As counterintuitive as it seems, frozen shrimp is among the freshest you can buy. Most shrimp is frozen right after it's caught, directly on the boat. Thawing frozen shrimp may seem like an extra step when you can buy it ready-to-eat from the grocery store fish counter. That ready-to-eat shrimp is usually just frozen shrimp that's been thawed by the store staff. Since shrimp's eating quality and food safety status deteriorate quickly, you're better off being in control of the thawing process. Thawed shrimp works well with cocktail sauce, in seafood recipes or as a salad topping.
If you know you want shrimp tomorrow, place it -- package and all -- in the refrigerator. Thawing shrimp in a 40-degrees-Fahrenheit -- or-below -- environment keeps it safe from pathogens.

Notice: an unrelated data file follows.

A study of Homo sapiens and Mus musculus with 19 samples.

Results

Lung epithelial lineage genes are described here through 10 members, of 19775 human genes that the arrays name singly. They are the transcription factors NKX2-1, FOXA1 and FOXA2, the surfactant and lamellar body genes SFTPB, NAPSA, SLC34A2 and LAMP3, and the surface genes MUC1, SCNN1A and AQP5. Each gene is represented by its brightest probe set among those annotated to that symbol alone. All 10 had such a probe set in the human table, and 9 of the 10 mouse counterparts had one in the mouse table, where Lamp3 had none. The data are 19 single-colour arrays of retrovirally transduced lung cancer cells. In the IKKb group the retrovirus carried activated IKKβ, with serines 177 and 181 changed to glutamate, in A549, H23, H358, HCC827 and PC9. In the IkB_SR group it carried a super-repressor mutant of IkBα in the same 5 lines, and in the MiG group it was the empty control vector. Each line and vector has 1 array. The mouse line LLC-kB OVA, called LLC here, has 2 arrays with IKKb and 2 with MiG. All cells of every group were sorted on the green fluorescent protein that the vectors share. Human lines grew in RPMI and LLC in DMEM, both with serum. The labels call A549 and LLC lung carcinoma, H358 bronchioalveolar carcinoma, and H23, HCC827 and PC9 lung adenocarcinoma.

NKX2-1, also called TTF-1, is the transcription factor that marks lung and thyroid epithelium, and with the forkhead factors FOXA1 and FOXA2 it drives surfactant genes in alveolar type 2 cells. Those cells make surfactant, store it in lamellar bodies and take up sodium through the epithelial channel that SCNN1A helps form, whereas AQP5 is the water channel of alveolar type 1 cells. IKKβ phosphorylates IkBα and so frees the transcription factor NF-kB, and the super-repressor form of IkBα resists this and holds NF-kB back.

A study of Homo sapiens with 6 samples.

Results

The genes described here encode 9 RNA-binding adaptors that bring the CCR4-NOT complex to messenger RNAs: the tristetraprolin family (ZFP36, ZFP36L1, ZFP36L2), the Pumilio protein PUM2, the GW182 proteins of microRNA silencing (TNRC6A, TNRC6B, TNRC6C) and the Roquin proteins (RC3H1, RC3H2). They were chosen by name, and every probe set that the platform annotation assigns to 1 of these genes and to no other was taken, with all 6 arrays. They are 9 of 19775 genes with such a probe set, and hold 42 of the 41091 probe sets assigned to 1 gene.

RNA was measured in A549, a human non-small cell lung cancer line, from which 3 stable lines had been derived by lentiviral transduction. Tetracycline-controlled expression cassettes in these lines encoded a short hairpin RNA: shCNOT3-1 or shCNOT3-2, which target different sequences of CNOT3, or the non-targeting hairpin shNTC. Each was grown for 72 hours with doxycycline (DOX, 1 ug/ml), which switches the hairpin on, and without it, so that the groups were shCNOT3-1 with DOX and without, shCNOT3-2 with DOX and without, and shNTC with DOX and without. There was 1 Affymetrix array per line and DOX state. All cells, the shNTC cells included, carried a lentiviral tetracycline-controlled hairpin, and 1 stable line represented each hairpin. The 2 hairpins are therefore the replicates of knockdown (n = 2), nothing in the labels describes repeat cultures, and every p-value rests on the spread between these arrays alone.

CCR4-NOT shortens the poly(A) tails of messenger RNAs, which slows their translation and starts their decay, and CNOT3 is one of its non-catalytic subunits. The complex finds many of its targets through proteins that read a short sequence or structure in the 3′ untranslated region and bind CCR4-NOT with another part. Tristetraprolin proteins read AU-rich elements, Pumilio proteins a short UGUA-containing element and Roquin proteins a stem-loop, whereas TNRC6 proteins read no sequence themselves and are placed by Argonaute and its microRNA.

Place the shrimp, sealed in packaging or placed in a zip-top plastic bag, in a bowl of cold water. If you can, arrange the bowl in your sink so that the faucet drips a regular trickle into the bowl as the overflow pours down the drain. This method takes about 15 minutes, depending on the size of the shrimp.
Save the microwave defrost setting for shrimp you plan to cook shortly after thawing. Use your machine's defrost cycle and only thaw until the shrimp is bendable -- but still quite cold and icy.
These methods work for shelled, tail on or peeled frozen shrimp.
Most frozen shrimp still needs to be deveined before you serve it. Use thawed shrimp within one day. Store it in a sealed container on top of cubes of ice. Replace any ice that melts during storage.
Do not freeze shrimp you purchase at the grocery store. It's likely been thawed from frozen once already; freezing and refreezing shrimp degrades its quality.